The Art of Speaking  

Communicate like a leader

By Wade Paterson

There’s a famous Voltaire quote you’ve likely heard at some point in your life:

“Judge a man by his questions, rather than by his answers.”

This quote effectively describes one of the most important communication tips for leaders, as well as those who aspire to be in a leadership position in the future: Ask questions.

Think about the last time you were involved in a conversation where the other person only spoke about him/herself and didn’t ask you any questions. I’m guessing it likely wasn’t a very enjoyable experience.

Conversations are more enjoyable when the other person is genuinely interested in you and what you have to say. The problem is, too often, people are only thinking about what they are going to say to contribute to a conversation. It’s a rare skill to really hone in on what the other person is saying with the purpose of asking follow-up questions and learning more about what they are saying.

Harvard Research Proves This

In 2017, there was a Harvard Research study that sought out to prove those who ask questions are more liked by their conversation partners than people who don’t ask questions.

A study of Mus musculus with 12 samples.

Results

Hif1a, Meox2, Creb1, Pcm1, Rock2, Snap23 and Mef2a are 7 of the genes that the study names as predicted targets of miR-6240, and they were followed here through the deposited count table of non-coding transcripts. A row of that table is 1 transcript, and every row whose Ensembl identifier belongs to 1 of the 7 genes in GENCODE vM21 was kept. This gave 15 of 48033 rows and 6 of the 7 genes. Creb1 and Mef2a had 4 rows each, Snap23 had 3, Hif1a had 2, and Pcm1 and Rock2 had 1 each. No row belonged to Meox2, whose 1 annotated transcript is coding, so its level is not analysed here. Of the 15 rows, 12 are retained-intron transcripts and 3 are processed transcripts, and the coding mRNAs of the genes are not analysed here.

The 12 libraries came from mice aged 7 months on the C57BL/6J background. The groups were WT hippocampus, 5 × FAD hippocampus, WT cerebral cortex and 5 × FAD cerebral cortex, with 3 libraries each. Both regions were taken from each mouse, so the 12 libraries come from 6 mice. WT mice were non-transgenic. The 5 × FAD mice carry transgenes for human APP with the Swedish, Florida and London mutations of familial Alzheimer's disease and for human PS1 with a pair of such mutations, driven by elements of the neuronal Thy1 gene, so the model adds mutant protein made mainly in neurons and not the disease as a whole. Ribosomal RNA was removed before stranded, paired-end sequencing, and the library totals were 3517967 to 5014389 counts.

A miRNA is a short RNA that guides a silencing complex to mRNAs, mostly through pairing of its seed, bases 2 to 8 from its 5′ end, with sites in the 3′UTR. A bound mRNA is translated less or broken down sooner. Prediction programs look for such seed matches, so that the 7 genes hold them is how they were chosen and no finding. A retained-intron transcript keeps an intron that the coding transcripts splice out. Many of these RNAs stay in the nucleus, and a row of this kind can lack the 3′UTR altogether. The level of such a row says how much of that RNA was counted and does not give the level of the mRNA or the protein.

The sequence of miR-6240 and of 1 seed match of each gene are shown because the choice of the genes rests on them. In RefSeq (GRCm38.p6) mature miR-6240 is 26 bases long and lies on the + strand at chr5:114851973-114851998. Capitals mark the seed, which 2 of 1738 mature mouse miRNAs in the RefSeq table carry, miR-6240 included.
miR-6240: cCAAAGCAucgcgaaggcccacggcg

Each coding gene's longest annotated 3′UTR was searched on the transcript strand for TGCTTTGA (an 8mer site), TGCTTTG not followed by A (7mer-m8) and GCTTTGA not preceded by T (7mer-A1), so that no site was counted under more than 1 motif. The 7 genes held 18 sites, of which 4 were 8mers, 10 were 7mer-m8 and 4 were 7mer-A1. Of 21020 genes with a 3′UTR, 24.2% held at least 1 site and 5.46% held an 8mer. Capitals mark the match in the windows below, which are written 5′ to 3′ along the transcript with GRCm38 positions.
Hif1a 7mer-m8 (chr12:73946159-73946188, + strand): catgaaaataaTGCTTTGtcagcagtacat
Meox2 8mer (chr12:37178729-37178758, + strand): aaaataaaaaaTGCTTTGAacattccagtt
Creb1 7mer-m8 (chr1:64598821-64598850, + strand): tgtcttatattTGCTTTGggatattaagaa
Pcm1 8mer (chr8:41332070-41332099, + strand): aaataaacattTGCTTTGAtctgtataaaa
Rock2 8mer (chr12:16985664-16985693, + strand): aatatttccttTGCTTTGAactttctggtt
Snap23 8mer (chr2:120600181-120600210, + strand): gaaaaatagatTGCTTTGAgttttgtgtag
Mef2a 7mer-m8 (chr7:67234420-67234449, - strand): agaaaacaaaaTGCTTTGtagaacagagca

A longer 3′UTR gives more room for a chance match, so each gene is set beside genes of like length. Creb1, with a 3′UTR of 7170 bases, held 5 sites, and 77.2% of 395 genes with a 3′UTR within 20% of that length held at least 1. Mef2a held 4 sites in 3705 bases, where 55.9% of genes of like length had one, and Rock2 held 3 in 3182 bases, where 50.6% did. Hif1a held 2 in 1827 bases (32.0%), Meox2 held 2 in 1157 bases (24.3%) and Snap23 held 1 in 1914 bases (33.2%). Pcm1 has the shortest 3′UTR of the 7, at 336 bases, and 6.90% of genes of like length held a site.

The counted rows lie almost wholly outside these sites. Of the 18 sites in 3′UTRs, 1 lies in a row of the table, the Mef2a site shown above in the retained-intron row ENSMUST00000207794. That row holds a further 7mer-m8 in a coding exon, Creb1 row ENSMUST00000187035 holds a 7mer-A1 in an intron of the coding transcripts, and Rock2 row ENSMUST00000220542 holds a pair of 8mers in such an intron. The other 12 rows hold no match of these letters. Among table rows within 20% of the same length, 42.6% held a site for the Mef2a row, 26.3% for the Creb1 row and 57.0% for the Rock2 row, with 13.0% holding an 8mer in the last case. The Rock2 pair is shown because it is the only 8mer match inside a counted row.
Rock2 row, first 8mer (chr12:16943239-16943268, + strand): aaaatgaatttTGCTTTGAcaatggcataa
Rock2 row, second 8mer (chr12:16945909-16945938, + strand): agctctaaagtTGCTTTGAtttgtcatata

The study — called “It Doesn’t Hurt to Ask: Question-Asking Increases Liking” — found when people ask questions, “they are perceived as higher in responsiveness: an interpersonal construct that captures listening, understanding, validation and care.”

This research even included a speed dating element and those who asked more questions (especially follow-up questions) were found to be more likely to land a second date than those who asked fewer questions.

(I’m guessing when you started reading this column on communication tips for leaders, you didn’t expect to also receive dating advice… but you’re welcome.)

What This Means for Leaders

The next time you have a conversation with your employees, make a point of listening intently to what they have to say and plan to ask follow-up questions. One way you can gamify this is by challenging yourself to ask more questions than the other person in every conversation you’re in. By asking questions — and listening intently — the other person will feel more comfortable talking to you.

A final piece of advice is to not always revolve the conversation around work. While work-related topics will inevitably be part of the majority of conversations, leaders should still know their employees on a personal level in order to strengthen the relationships and culture in the office.

If you’re interested in learning more about being an impactful communicator, head over to my YouTube channel.

This article is written by or on behalf of an outsourced columnist and does not necessarily reflect the views of Castanet.


Wade Paterson is an award-winning Toastmaster who is passionate about Impactful Communication.

His columns and accompanying YouTube videos are focused on helping others become more confident public speakers and communicators.

The views expressed are strictly those of the author and not necessarily those of Castanet. Castanet does not warrant the contents.